If You’re Going to Falsely Tell Cops a Guy Sexually Assaulted You, Don’t Get Caught on Camera Announcing Your Plans
Aug. 5, 2011
“Gotcha” moments don’t come more classic than the one that happened in Montgomery County [Texas] recently.
The Sheriff’s Office blotter says two officers were called to an apartment to investigate a sexual assault.
“The alleged victim stated to the deputies that her 26-year-old male friend had sexually assaulted her,” the report says.
Fair enough, and with that friend standing in the same apartment, no big manhunt needed.
Not so fast: “Upon further investigation the deputies watched a video recording the male had made that showed the female telling him that she was calling the police because he was making her leave the apartment and she would tell the police he assaulted her.”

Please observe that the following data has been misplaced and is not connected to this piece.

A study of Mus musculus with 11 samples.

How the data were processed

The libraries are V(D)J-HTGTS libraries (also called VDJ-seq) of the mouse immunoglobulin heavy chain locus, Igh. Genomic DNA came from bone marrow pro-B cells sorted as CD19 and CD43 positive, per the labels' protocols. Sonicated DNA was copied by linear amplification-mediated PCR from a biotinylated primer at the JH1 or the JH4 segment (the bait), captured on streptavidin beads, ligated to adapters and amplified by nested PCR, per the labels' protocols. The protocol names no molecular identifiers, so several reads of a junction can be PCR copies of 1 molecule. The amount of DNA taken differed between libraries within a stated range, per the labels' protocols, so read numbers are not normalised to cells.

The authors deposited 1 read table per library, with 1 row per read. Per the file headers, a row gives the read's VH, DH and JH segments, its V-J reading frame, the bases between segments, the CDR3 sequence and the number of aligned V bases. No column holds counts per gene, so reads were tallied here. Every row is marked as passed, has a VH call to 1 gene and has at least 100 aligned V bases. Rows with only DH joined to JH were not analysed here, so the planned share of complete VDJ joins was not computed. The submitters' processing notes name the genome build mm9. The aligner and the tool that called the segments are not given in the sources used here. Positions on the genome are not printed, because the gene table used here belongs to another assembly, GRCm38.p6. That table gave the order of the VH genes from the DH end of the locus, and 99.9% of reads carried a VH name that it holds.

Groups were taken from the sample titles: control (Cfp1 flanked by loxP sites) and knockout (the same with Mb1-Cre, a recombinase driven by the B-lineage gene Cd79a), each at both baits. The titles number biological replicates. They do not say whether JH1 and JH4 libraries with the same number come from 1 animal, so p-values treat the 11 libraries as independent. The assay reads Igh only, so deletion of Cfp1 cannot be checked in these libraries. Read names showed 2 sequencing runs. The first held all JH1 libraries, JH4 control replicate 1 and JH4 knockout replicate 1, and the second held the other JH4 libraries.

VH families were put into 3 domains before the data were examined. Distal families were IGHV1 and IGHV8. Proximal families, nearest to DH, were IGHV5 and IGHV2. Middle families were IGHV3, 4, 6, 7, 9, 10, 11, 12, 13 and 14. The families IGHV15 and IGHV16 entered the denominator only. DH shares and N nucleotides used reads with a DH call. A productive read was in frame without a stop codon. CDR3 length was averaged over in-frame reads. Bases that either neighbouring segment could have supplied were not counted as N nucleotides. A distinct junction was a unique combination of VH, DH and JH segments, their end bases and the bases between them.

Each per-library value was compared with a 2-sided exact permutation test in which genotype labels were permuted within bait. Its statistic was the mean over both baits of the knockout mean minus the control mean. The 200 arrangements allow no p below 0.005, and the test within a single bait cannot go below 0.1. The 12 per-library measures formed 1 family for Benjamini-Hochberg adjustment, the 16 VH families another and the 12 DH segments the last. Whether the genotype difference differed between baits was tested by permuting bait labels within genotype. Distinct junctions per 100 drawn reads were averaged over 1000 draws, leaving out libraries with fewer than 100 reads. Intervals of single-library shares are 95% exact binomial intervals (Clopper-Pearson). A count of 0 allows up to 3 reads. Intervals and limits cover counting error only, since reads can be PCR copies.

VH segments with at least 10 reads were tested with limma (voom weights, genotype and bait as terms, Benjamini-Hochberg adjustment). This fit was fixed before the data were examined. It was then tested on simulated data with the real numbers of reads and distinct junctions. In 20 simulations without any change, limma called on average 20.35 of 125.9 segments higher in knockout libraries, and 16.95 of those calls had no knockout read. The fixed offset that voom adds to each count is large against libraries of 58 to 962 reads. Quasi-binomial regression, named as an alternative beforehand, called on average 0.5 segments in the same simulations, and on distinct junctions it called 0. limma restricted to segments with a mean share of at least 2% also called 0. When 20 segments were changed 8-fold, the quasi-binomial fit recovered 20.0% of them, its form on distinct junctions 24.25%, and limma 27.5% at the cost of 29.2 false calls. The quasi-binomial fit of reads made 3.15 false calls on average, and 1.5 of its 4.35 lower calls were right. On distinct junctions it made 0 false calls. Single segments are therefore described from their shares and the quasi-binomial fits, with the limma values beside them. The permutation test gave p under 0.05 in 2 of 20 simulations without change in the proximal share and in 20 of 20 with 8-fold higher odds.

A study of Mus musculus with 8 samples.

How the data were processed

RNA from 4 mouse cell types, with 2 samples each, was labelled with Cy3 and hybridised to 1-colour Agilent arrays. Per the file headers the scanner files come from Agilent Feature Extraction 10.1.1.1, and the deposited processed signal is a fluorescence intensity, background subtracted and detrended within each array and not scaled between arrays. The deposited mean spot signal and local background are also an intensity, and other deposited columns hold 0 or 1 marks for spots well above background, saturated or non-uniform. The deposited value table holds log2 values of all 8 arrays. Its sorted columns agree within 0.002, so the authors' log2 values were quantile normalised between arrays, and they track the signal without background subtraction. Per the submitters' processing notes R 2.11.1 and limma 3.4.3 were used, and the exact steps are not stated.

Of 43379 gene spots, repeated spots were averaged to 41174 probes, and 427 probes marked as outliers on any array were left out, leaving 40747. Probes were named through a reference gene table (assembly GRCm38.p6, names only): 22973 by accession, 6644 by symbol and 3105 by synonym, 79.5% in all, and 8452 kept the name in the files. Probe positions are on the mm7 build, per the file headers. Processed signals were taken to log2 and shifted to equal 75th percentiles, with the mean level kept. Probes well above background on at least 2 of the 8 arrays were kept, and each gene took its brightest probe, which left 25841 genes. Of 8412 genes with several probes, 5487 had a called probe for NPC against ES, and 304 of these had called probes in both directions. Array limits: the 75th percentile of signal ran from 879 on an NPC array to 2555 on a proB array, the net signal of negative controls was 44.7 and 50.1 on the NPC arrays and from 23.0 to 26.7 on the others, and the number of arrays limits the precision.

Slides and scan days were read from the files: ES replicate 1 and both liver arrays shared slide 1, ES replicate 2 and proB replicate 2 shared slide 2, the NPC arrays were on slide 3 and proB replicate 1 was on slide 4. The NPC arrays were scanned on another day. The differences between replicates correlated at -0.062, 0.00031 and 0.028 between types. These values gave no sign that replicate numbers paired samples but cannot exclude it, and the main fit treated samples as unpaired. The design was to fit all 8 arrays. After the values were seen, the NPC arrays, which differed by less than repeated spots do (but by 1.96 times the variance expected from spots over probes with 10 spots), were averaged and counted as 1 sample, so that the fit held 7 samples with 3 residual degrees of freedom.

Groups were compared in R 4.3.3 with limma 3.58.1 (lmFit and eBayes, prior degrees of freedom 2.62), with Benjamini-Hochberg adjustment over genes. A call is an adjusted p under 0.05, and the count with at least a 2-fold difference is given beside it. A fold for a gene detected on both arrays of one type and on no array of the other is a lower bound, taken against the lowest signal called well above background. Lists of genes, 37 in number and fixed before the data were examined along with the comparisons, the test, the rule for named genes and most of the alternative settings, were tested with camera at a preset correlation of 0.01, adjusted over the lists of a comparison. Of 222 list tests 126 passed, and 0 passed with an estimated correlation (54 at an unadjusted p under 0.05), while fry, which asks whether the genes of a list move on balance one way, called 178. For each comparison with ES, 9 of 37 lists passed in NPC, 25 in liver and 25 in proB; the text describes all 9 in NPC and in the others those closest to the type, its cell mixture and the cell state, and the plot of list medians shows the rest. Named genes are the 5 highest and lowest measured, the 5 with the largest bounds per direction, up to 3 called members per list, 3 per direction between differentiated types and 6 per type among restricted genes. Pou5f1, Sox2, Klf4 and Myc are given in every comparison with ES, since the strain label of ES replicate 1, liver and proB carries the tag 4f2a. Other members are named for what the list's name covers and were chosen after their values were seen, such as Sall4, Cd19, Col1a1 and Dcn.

That must have been some look on the woman’s face when the dude hit “play.”
Sheriff’s Lt. Dan Norris tells Hair Balls he doesn’t have any further info on the incident, including the name of the woman, who was arrested for making a false report.
“It was unusual, though,” he says. “I remember reading that report and going, ‘The man was looking out for himself.'”
There are a few things to ponder:
— We have to assume this was some sort of romantic relationship, and a one-sided one at that. What is the strategical thinking that leads you to conclude falsely accusing the guy of rape is going to repair it?
— How long would you let things play out between the woman and the officers, knowing all the time you had that slam-dunk in your pocket? Or do you just sit there praying the phone somehow didn’t mess up and not record?
— Once again, a villain is foiled by blabbing about his or her evil intent. Will they ever learn?